Detta är en skiss/anteckning/något-på-väg.
This is a draft/note/something-on-its-way.
It is important to remember this. Say what you want.
As written earlier on this blog about how Albert Camus describes the thinking of Martin Heidegger; here I cite the passage out of the Camus essay The Myth of Sisyphus where he writes about Heidegger.
This is an English translation. For me to read this essay in French – well, I don’t know French that well. In the Swedish translation the word ”bykymret” (The Constant Concern) is used instead of ”anxiety” (ångest; inte bestämd form ångesten) which is used in the English translation.
I don’t like using ”Anxiety” here. Probably, going back on my blog, ”Uncanny” and ”Uncanny-ness” (kuslighet) would be a better ”word” here. Or, as I am lost in translation (and probably somehow lost what the purpose for this text was from the beginning :) ) my list here can be used instead of ”Anxiety”.
Or maybe: The constant problem. The constant problem that causes anxiety. The constant problem without possibility to solve in all of your lifetime causes anxiety.
2 or 3-year old children drowned. Pushed away by war into another war, the war of surviving over the water. They did not survive. People found them washed ashore. And they are many, so many.
An eye for an eye. A tooth for a tooth.
Corruption. FIFA. UEFA. Volkswagen. The APA. Big Pharma. Big Data. UN. Russia. USA. Sweden. The EU. The financial crisis. [Young narcissistic men pushing themself up the ladder because they need dollar bills to eat, and they spit out all ethics. This happens again and again.] Phizer. Lundbeck. Merck. GlaxoSmithKline. AstraZeneca. Vattenfall. Gazprom.
SWE: Jag har ont i kroppen och jag har ont i själen. Sen har jag ont i min förlängda hand eftersom världen illusoriskt har blivit mindre och jag får all data om vad som händer i världen nästan direkt. Kropp, själ och världsklimatet som har blivit en del av mig.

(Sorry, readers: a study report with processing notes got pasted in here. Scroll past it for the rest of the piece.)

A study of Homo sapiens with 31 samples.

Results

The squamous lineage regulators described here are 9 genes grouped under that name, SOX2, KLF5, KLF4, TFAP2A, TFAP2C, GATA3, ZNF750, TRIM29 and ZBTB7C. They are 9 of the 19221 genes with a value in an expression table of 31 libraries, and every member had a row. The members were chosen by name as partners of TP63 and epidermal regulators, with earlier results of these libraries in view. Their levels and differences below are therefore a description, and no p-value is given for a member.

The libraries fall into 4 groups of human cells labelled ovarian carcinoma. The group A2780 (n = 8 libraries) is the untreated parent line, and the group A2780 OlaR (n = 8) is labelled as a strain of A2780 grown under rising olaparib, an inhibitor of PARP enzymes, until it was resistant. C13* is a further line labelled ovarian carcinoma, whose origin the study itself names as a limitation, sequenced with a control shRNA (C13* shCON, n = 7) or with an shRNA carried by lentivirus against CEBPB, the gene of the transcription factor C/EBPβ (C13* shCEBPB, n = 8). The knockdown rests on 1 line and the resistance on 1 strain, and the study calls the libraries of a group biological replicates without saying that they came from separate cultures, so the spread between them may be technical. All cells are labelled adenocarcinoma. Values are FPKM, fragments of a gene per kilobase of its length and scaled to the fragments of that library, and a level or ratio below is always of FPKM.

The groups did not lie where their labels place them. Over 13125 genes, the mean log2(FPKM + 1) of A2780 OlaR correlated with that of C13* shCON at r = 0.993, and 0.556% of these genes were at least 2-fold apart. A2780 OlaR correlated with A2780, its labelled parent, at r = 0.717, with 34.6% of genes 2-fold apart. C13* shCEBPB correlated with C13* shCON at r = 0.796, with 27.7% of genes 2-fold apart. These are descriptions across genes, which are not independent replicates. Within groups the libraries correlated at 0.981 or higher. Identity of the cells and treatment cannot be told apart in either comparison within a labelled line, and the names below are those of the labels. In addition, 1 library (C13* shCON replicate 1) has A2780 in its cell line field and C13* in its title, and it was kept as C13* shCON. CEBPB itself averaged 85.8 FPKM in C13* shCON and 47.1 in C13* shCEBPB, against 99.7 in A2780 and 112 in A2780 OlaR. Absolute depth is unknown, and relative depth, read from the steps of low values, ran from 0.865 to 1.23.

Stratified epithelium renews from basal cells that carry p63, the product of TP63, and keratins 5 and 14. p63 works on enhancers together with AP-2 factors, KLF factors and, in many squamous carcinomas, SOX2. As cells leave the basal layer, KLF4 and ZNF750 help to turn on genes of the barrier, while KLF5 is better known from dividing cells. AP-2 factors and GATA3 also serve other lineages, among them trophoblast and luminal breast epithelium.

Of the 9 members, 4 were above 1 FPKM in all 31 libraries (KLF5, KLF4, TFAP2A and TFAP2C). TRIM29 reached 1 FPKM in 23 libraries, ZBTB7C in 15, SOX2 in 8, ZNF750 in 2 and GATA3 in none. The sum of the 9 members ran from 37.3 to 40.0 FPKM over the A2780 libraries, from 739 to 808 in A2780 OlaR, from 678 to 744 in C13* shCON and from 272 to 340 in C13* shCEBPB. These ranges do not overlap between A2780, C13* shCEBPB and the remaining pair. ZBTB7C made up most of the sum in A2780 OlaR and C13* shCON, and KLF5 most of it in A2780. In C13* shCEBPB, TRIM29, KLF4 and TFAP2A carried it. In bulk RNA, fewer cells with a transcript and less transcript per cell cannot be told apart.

The Constant Concern-ing.
The Constant Concern.
Det ständiga bekymret.
Die ständige Sorge.
Heidegger considers the human condition coldly and announces that that existence is humiliated. The only reality is “anxiety” in the whole chain of beings. To the man lost in the world and its diversions this anxiety is a brief, fleeting fear. But if that fear becomes conscious of itself, it becomes anguish, the perpetual climate of the lucid man “in whom existence is concentrated.” This professor of philosophy writes without trembling and in the most abstract language in the world that “the finite and limited character of human existence is more primordial than man himself.” His interest in Kant extends only to recognizing the restricted character of his “pure Reason.” This is to coincide at the end of his analyses that “the world can no longer offer anything to the man filled with anguish.” This anxiety seems to him so much more important than all the categories in the world that he thinks and talks only of it. He enumerates its aspects: boredom when the ordinary man strives to quash it in him and benumb it; terror when the mind contemplates death. He too does not separate consciousness from the absurd. The consciousness of death is the call of anxiety and “existence then delivers itself its own summons through the intermediary of consciousness.” It is the very voice of anguish and it adjures existence “to return from its loss in the anonymous They.” For him, too, one must not sleep, but must keep alert until the consummation. He stands in this absurd world and points out its ephemeral character. He seeks his way amid these ruins.